The leader of the opposition half-jokingly swatted away the protests of some of his supporters with the line he will continue to use to wrench a serious commitment from the prime minister towards the proposed electoral and constitutional reforms: “There is deep suspicion of Navin Ramgoolam.” That may very well be true for some. For most, however, the resentment against Bérenger’s latest move has nothing to do with either Ramgoolam or Jugnauth. It is simply one stunt too many for them to stomach.
Rewind: 2010 : The Alliance de l’Avenir (Labour Party/MSM/ PMSD) is in government. Pravind Jugnauth was facing tremendous heat from Bérenger as the latter was hell-bent on breaking the government alliance, getting rid of the MSM and jumping into Navin Ramgooolam’s arms.
January 2011: After chewing at Jugnauth’s bare bones for weeks, the opposition happened upon a nice juicy steak – Med Point – which they baptised ‘the scandal of the century’. The game then heated up with the famous ‘zot meme aster, zot meme vender’ slogan and a ferocious sustained campaign which finally led to the MSM stepping down in July 2011. In August 2011, its six members left the government.
October 2011 (barely TWO months later): After having vilified the leader of the MSM for so long, ― voilà! ― there is a 180-degree-turn. Bérenger worked very hard to convince his people that the ‘scandal of the century’ wasn’t one after all and that Jugnauth was not a crook but a nice guy in fact. It was the government which had accused him unjustly. The institutions of this country came under attack, including recently the office of the DPP for having called Pravind Jugnauth to face the courts of justice.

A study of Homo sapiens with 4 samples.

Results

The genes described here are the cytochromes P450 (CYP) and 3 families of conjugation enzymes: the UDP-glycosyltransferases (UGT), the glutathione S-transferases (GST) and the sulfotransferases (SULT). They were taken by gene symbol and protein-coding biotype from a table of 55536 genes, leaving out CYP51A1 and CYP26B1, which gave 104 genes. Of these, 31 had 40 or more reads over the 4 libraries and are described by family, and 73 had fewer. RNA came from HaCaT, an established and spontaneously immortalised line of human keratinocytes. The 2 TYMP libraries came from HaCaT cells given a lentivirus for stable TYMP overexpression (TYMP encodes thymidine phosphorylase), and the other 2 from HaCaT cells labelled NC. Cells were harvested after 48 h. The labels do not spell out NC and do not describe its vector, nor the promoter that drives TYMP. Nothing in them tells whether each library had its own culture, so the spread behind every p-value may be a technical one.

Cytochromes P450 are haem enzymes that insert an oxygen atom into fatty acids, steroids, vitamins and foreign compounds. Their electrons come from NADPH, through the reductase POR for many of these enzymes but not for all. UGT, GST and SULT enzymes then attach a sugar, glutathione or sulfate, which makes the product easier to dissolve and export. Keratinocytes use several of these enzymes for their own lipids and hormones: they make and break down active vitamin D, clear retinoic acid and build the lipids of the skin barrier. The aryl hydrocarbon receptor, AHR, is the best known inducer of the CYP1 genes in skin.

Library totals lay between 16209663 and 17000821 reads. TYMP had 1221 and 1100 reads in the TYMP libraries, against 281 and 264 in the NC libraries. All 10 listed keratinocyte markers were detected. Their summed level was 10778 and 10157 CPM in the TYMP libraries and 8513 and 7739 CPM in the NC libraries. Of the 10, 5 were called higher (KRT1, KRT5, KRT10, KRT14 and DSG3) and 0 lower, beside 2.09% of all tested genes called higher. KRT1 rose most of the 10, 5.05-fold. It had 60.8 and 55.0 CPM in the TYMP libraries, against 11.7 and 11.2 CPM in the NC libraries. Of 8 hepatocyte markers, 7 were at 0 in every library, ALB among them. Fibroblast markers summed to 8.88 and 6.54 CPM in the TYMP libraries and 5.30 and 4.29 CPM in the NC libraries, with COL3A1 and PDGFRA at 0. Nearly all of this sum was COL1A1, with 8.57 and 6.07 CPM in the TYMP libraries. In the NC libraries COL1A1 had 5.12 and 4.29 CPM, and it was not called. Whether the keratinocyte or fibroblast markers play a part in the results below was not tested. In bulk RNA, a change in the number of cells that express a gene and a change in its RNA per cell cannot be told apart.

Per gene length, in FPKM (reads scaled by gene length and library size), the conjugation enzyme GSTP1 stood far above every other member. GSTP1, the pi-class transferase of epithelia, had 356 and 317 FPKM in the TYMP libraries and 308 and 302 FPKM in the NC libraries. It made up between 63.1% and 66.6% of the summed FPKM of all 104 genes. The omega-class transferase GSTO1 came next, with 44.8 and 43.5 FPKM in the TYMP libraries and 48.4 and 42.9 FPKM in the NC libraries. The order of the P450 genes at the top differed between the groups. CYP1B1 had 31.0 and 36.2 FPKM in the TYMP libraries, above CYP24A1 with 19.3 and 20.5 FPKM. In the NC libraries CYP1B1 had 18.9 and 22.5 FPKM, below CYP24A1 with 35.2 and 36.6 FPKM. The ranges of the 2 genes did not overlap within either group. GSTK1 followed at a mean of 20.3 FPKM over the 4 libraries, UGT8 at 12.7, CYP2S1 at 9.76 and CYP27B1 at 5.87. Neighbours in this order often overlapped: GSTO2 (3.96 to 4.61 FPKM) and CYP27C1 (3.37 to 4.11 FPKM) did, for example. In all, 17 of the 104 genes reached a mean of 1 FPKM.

April 2012: (Only five months later) Bérenger had managed a feat no one thought he was capable of: he convinced the militants that everything he had said about the Jugnauths, the money, the Med Point, the Sun Trust… was false. And the remake took off.
Between 2012 and today, Bérenger worked so hard at white-washing the Jugnauths and vilifying the government that he built up a lot of steam against Ramgoolam whom he made to incarnate all the evils this country suffers from. He whipped up such a frenzy that the militants – initially astounded at having to give away 50% of the investitures to a party which they reckon is worth less than 2% of what they themselves are worth – accepted the deal with a three-year prime ministership as the cherry on the cake. As they started resigning themselves to the idea ― revoilà! ― another U-turn.
How Bérenger achieves all his U-turns is very simple: he is an incredible orator, he has amazingly convincing skills and the unconditional admiration of his supporters. He also, let’s face it, has an excellent relationship with the press.
At every U-turn, however, he is gradually sawing the branch he is sitting on. This last U-turn was one U-turn too many. The branch has reached breaking point.
But then again this is Bérenger we are talking about. If the past is anything to go by, we may hear tomorrow that he is no longer “emmerdé” with Jugnauth, that the delaying tactics are no longer delaying tactics and that Pravind Jugnauth is not behaving like a cornered rat but rather like a man facing unjust accusations and our institutions will come under attack again. In the U-turn empire, who would be surprised if the U-turn emperor takes yet another U-turn?